Never Skip Two Days in a Row

Written by Yuri Karabatov. Drop me a line on Twitter.

Language learning can be fun most of the time, but it’s still a tedious process, requiring months and years of our lives.

It takes burning motivation and unyielding willpower to spend all that time polishing one skill: understanding a foreign language.

Sadly, a lot of people miss on constant motivation, and even more on willpower — including me, and probably you, too.

How to make up for those drawbacks?

1. Track your everyday progress

Make a list where you’ll mark language-related things to do every single day: listen to 1 chapter of an audiobook, work through 2 Thomas’s tracks and so on.

Make it a part of your routine to check this list every day and scrupulously mark what you have done and what you haven’t. By the way, it’s a great reminder: sometimes you just totally forget about that Thomas course!

I’ve reflected on this system in detail in the post “Take action!”, see it for more on that.

2. Never skip two days in a row

Our memory plays tricks on us all the time; twice the amount if we do something every day. That’s why you don’t remember switching the iron off before going out: you do it every day, so you just don’t take notice.

If you don’t even remember doing (or not doing) something 20 minutes ago, how can you possibly say if you did it the day before, or the day before that? Impossible!

When you skip a day of foreign language studies, it’s OK: nobody can be 100% committed, we have a life to live.

Skipping a second day should be punishable by [insert something dreadful of your choice here]. Because of memory playing tricks on us we can’t be sure if we’ve studied the day before or not; and the day before that as well.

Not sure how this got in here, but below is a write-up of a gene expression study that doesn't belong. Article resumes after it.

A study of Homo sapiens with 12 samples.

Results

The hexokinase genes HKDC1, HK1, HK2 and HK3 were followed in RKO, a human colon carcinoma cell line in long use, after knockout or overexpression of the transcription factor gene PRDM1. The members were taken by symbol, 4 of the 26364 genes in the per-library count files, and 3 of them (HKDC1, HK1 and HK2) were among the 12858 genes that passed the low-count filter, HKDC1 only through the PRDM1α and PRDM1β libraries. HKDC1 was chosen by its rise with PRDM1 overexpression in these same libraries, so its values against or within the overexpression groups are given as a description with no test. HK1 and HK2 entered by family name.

Each skipped day adds reasons why you’re doing fine: it’s just one more day; I’ll have time on weekend; it’s half a year before the exam — the list is endless.

The more days you skip, the more guilty you feel, and the less likely you’re to start again. J from 52 Languages, 52 Weeks has written a great post on restarting language learning: “Reboot! How to Restart Your Language Learning after Slacking Off” (I’ve linked to it in last week’s Weekend Links). Be sure to read this extremely detailed post if you’re in such situation!

What I say is: attack is the best defense. Don’t skip two days in a row in the first place! That’s why we need a tracking system to check in with it every day: it won’t let us slip.

By doing something every day, no matter how small, you build a foundation to a great success. By learning, say, a mere 3 words a day, you’ll know a solid 1000 of words a year later, which is more than adequate for having conversations in your target language.

One more aspect of this is that you’re building up momentum. Habits, they say, are made in 28 days, so approximately after a month of doing something every day, you won’t need a reminder anymore, it will become a habit instead.

Remember: today is the only day you have, do everything you can do to reach your goals today, not tomorrow.

I know it’s hard to work persistently every day, so I’ve presented you with a system to facilitate this work (Step 1).

Step 2 is the single rule of this system: be sure to put an X every day beside competed tasks, and you can’t help but succeed.

Besides, who doesn’t like a neatly completed chart?